Anna at the Art Museum by Hazel Hutchins and Gail Herbert

Anna at the Art Museum by Hazel Hutchins and Gail Herbert
Publisher: Annick Press
Genre: Childrens, Contemporary
Length: Short Story (32 pages)
Age Recommendation: 6+
Rating: 5 Stars
Reviewed by Astilbe

Going to the art museum with her mom is no fun at all for Anna. Everything is old and boring and there are so many rules: Don’t Touch! Do Not Enter! Quiet! A vigilant guard keeps a close eye on the energetic little girl, but even so, Anna manages to set off an alarm and almost tip over a vase.

A half-open door draws Anna’s attention, but the No Entry sign means yet again that it’s off-limits. This time, however, the guard surprises her by inviting her to go in. Here she finds a “secret workshop” where paintings are being cleaned and repaired. Staring out from one of the canvases is a girl who looks grumpy and bored―just like Anna herself. With the realization that art often imitates life, Anna discovers the sheer joy to be had from the paintings on the wall, especially those that reflect what is happening all around her.

Following the rules isn’t always easy.

Anna had an amazing imagination. I was impressed with all of the different methods she came up with to amuse herself while her mother was looking at what she considered to be old, boring paintings. Some of the best scenes were the ones where Anna tried to mimic her mom’s interest in this topic only to break one of the many rules that exist for people who visit galleries. The combination of her imagination and the broken rules often made me smile.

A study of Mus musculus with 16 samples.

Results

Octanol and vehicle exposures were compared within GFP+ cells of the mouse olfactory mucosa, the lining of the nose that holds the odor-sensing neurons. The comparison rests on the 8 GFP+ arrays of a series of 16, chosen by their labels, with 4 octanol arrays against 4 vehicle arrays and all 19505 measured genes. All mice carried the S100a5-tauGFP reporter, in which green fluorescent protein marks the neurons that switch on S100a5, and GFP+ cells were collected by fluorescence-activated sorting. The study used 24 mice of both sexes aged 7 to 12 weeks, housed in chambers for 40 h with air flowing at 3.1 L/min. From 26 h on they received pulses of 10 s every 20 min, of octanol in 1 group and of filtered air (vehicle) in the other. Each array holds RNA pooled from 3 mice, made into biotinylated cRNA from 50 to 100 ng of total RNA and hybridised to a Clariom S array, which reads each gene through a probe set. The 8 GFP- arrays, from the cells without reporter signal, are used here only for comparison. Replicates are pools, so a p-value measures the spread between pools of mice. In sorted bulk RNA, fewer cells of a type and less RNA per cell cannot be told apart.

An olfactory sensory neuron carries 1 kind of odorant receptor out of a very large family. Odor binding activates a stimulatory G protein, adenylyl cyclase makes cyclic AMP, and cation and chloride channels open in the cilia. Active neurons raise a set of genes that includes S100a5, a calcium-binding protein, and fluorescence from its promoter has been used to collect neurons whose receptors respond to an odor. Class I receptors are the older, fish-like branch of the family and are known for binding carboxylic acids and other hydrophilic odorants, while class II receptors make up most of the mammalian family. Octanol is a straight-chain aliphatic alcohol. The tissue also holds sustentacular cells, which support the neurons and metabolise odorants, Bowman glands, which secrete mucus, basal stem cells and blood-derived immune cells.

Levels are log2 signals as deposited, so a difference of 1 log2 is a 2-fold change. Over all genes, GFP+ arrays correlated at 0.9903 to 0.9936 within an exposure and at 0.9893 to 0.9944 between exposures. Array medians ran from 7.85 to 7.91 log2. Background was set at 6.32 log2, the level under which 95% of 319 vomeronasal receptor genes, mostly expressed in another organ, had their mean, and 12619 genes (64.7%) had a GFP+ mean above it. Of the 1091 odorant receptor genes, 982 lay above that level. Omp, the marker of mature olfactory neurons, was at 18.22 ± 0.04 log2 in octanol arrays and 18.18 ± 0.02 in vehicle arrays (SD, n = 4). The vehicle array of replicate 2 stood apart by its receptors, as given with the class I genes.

The relationship between Anna and her mother was such a lovely one. Anna’s mom had tried to prepare her daughter for this excursion, but it clearly hadn’t worked as well as she’d hoped. Her patience with her daughter as she explained the rules again was lovely. I also appreciated her attempt to introduce her child to art at such a young age.

This book couldn’t have had a better ending. I loved the way the adults responded to this character when they realized she was having trouble following social conventions at the museum. They clearly seemed to remember what it’s like to be a small child who is terribly bored and growing more frustrated by the minute. While I can’t go into any further detail about that without wandering into spoiler territory, their compassion made me want to read more about them and this character’s life.

I was delighted by Anna at the Art Museum and think anyone who will be going to an art museum in the near future should give it a try.